By: Matthew Fischer
Platelet-Rich Plasma (“PRP”) has become a popular treatment for various conditions from sports injuries to hair rejuvenation so it makes sense that PRP regulation must keep up. With PRP, both the device used to separate platelets and the subsequent use of the PRP product fall under the scope of the U.S. Food and Drug Administration (“FDA”). The common question is: what is approved by the FDA with regards to PRP? Given the increased use, it is important for health care providers to understand the FDA’s standpoint on PRP regulation.
Medical Device Regulation
Let’s start with PRP devices. Generally, the FDA provides several avenues in which a device, drug, or biologic can come to market. For medical devices, an applicant can either obtain Premarket Approval (“PMA”) or 510(k) clearance. Most PRP preparation systems have utilized the 510(k) clearance process. What is meant by 510(k) clearance? The 510(k) application process, also known as premarket notification (“PMN”), is for medical devices that are seen as lower risk which are found to be “substantially equivalent” to a previously cleared device. Under the Food, Drug and Cosmetic Act, device manufacturers are required to register and notify the FDA of the intent to market a medical device in advance.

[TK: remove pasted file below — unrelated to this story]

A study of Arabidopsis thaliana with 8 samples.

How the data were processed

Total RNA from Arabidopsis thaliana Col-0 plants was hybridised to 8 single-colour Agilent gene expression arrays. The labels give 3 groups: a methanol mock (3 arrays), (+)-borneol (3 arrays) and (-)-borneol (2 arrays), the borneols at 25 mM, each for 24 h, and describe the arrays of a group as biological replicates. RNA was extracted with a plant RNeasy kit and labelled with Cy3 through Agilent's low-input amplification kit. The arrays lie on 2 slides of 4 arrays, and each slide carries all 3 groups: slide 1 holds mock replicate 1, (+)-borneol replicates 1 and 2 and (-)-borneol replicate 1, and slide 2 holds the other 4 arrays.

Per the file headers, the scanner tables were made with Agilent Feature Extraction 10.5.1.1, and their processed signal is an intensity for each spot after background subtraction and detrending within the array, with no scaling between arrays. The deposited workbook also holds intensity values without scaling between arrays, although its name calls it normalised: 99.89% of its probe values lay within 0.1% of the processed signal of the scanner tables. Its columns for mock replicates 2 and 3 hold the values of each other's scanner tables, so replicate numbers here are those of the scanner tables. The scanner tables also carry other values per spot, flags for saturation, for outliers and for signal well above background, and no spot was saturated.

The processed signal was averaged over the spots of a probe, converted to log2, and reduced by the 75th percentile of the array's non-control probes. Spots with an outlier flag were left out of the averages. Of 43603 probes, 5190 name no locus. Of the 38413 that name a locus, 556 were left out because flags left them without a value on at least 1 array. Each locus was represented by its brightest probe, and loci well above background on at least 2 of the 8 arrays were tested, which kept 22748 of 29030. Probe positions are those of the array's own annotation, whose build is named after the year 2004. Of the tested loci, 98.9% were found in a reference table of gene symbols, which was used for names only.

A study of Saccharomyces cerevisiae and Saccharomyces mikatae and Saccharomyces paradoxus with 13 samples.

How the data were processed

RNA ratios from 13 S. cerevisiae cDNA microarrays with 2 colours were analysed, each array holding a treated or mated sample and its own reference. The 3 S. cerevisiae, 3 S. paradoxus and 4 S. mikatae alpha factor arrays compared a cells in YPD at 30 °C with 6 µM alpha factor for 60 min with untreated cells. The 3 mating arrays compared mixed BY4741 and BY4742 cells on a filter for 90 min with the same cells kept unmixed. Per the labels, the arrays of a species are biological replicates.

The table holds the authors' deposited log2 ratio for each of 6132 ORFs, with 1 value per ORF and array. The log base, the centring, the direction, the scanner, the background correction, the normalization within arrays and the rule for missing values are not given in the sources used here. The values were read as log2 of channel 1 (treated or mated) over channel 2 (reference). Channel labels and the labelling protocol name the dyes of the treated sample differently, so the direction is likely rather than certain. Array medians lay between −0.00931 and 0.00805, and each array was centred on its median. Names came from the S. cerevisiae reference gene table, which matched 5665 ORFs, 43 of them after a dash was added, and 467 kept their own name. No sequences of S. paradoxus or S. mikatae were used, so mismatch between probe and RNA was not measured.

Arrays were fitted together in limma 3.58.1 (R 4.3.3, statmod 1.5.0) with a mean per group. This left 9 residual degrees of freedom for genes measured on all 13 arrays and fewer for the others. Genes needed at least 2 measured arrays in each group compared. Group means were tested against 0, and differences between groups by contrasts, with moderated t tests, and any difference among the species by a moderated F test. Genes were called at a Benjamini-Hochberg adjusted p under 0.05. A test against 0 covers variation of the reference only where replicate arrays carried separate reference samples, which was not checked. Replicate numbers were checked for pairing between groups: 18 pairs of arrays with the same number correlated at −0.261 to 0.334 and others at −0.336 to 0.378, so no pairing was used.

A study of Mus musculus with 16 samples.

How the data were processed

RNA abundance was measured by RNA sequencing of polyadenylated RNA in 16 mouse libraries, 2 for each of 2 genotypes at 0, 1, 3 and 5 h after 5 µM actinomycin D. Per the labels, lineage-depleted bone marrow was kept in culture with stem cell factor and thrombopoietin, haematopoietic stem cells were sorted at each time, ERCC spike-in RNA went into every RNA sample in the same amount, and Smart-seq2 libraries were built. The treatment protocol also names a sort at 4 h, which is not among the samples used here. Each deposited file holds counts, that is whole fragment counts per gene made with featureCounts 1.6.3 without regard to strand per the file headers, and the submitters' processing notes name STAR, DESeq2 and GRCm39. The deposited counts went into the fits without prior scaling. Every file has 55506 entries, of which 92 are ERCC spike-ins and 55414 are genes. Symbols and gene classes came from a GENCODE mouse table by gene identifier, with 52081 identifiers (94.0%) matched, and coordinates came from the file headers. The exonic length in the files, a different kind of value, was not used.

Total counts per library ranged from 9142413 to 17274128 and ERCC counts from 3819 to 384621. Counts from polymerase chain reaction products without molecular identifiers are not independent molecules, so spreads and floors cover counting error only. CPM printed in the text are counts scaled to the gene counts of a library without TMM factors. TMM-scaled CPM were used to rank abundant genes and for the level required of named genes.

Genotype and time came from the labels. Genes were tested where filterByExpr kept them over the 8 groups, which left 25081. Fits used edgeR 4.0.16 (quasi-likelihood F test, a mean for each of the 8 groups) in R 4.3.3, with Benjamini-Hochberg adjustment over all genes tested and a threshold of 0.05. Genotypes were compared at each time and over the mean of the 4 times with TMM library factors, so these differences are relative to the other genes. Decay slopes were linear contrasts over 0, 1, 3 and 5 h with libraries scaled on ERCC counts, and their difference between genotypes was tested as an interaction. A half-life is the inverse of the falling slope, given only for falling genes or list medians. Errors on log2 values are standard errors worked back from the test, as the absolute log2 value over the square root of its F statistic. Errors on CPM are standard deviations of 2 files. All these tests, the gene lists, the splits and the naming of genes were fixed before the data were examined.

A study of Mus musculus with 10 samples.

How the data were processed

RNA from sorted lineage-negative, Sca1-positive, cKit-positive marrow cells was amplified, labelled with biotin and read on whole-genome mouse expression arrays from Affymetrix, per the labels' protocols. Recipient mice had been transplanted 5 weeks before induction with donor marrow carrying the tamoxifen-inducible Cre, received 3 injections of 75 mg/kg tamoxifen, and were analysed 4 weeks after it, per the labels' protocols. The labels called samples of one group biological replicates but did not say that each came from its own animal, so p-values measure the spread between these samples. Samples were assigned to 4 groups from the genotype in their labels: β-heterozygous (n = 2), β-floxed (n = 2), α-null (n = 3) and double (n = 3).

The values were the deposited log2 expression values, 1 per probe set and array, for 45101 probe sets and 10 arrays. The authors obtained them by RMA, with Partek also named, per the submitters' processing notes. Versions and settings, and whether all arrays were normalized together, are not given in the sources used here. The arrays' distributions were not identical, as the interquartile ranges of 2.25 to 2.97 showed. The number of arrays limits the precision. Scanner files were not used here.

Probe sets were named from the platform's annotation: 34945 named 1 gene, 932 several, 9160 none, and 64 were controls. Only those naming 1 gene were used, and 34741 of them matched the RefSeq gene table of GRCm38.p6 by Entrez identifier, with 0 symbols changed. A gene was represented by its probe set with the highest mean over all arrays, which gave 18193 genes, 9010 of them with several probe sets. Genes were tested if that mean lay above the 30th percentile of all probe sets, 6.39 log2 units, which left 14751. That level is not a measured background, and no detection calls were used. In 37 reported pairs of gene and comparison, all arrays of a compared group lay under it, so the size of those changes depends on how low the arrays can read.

The FDA then determines whether the device is equivalent to a device already on the market. The 510(k) clearance process is a common way for PRP devices because it is less costly and time consuming as opposed to obtaining PMA. There is one important caveat though with 510(k) clearance. Clearance does not equate to approval for treatment of any indication. It only applies to its intended use in a specific setting. For example, in past warning letters issued by the FDA, the agency has required certain manufacturers to add language to its label stating that the PRP prepared by the device had not been evaluated for any clinical indication.
PRP Regulation – Off Label Use
Unless approved for a particular indication, any use of PRP outside of the intended setting is considered “off label use.” This use, however, is not prohibited by the FDA PRP regulation if conducted by a physician with the intent to practice medicine. According to FDA guidance issued to agency institutional review boards and investigators, physicians who use a product for an indication not approved on the labeling have the “responsibility to be well informed about the product, to base its use on firm scientific rationale and on sound medical evidence, and to maintain records of the product’s use and effects.” The guidance further states that when the intent to practice medicine is present, the submission of an investigational new drug application (“IND”), investigational device exemption (“IDE”), or review by a board is not required.
At this time, it is clear that the FDA will not regulate the practice of medicine as long as certain responsibilities are met. However, health care providers utilizing PRP should be mindful of the heightened regulatory environment and continue to stay informed.